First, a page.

Federalism for Severely Divided Societies: Possibilities and Pathologies
Donald L. Horowitz
Monday, November 3
12:30 pm | Room 3041
Duke Law School
Please click here for the webcast.
Professor Donald L. Horowitz, James B. Duke Professor of Law and Political Science Emeritus at Duke University, will deliver the Annual Bernstein Lecture in Comparative Law titled "Federalism for Severely Divided Societies: Possibilities and Pathologies." The lecture is co-sponsored by the Center for International & Comparative Law. Lunch will be provided.
For more information, please contact Ali Prince.
Federalism or territorial devolution short of federalism can perform many functions for societies severely divided by ethnic, religious, or linguistic divisions. Many of these functions can serve to reduce intergroup political conflict. The number of federations is much smaller than the number that could actually benefit from federalism or significant devolution of power to lower levels of government. Yet federal or devolved arrangements are often plagued by an array of pathologies, some of which are traceable to lowering the territorial level at which groups interact. To secure the benefits of devolution and minimize the pathologies, constitutional designers need to assure that the central government is capable of anticipating and responding to negative externalities that may follow upon devolution of authority. Not all central governments are capable of doing so.
Donald L. Horowitz is the James B. Duke Professor of Law and Political Science Emeritus at Duke University and Senior Fellow at the International Forum for Democratic Studies of the National Endowment for Democracy. He is the author of seven books: The Courts and Social Policy (1977), which won the Louis Brownlow Award of the National Academy of Public Administration; The Jurocracy (1977), a book about government lawyers; Coup Theories and Officers’ Motives: Sri Lanka in Comparative Perspective (1980); Ethnic Groups in Conflict (1985, 2000); A Democratic South Africa? Constitutional Engineering in a Divided Society (1991), which won the Ralph Bunche Prize of the American Political Science Association; The Deadly Ethnic Riot (2001); and Constitutional Change and Democracy in Indonesia, published in 2013 by Cambridge University Press.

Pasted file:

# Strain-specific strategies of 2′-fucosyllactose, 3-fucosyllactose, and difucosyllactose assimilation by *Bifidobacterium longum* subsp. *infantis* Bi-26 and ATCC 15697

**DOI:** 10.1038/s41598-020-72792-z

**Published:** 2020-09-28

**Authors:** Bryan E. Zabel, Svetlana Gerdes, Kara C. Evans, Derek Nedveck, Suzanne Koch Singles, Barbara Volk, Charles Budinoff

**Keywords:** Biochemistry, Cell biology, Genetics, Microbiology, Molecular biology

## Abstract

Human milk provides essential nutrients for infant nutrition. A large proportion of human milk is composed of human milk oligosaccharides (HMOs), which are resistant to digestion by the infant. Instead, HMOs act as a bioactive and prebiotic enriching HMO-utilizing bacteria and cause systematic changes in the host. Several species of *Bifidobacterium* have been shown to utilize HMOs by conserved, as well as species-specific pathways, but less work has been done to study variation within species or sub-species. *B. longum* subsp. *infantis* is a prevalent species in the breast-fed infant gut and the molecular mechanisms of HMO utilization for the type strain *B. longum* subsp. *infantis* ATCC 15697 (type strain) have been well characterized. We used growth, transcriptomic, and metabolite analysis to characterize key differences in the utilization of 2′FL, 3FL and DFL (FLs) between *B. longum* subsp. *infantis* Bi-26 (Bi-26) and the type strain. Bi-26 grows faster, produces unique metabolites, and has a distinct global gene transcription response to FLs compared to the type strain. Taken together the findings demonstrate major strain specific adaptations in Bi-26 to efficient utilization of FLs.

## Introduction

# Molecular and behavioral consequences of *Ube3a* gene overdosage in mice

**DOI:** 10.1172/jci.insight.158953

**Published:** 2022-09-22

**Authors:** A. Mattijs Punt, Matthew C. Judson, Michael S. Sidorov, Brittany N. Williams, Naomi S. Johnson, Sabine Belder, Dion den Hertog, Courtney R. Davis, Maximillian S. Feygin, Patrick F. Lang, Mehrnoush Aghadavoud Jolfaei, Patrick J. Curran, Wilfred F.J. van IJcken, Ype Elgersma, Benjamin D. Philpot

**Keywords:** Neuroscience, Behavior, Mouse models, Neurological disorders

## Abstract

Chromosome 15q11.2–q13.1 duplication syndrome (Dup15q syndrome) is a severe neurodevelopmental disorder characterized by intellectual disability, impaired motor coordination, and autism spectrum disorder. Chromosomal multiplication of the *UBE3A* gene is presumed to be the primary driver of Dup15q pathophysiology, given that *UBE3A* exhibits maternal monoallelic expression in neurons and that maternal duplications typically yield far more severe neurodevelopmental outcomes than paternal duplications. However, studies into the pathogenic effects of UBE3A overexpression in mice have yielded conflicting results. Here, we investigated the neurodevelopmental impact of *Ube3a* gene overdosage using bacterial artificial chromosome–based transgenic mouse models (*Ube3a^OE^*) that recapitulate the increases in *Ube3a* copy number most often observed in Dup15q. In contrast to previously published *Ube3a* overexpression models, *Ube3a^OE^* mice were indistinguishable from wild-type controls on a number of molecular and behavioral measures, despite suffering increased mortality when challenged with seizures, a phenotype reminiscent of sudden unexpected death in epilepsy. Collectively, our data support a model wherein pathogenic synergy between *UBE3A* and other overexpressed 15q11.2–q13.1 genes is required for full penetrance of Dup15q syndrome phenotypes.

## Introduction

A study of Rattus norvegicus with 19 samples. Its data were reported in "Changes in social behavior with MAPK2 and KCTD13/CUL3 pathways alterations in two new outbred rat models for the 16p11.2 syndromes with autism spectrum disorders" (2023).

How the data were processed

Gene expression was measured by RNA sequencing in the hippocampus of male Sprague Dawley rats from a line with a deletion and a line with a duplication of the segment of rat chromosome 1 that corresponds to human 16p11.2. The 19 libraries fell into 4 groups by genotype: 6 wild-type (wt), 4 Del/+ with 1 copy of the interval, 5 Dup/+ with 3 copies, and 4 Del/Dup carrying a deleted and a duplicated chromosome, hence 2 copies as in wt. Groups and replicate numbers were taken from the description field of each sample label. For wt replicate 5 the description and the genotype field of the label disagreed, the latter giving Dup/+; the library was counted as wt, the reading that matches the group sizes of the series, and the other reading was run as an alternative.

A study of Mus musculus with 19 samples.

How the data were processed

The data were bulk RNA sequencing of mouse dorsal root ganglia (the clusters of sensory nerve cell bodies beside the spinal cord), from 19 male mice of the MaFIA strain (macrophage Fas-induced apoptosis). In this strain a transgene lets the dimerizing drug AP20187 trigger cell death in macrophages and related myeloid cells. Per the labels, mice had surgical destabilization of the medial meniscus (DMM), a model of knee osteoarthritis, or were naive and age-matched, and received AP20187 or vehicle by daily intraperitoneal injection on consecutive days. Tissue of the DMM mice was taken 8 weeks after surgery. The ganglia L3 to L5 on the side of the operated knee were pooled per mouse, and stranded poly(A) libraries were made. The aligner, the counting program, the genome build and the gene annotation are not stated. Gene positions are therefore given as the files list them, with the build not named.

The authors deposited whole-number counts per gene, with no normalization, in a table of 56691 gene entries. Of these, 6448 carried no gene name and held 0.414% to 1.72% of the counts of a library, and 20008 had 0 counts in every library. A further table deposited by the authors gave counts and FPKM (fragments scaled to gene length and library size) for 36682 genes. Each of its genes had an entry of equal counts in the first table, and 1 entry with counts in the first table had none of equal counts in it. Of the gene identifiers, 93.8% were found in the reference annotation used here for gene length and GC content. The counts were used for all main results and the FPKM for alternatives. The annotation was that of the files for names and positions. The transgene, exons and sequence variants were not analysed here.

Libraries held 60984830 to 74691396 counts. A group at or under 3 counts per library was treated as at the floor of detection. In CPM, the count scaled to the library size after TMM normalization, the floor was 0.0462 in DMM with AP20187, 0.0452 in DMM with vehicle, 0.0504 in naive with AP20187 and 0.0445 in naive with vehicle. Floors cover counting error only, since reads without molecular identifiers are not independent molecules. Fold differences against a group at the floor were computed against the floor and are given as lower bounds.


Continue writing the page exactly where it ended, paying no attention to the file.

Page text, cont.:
Professor Horowitz has been a Visiting Professor at the University of Chicago Law School and at the Central European University and a Visiting Fellow at Wolfson College, Cambridge, at the Law Faculty of the University of Canterbury in New Zealand, at Universiti Kebangsaan in Malaysia, and in the Academic Icon program at the University of Malaya. In 2001, he was Centennial Professor at the London School of Economics, and in 2001-02, he was a Carnegie Scholar. In 2009, he was presented with the Distinguished Scholar Award of the Ethnicity, Nationalism, and Migration Section of the International Studies Association.
Professor Horowitz is currently writing a book about constitutional design, particularly for divided societies, a subject on which he has advised in a number of countries. In 2010-11, he was a Fellow of the Woodrow Wilson Center, working on this project. In 2011-12, he was a Jennings Randolph Senior Fellow at the U.S. Institute of Peace and a Reagan-Fascell Fellow at the National Endowment for Democracy, and in 2013, he was a Siemens Prize Fellow of the American Academy in Berlin. Since September 2013, has been Senior Fellow at the International Forum for Democratic Studies of the National Endowment for Democracy in Washington, DC. Elected to the American Academy of Arts and Sciences in 1993, he served as President of the American Society for Political and Legal Philosophy from 2007 to 2010. In 2011, Professor Horowitz was awarded an honorary doctoral degree by the Vrije Universiteit Brussel, the Flemish-speaking Free University of Brussels.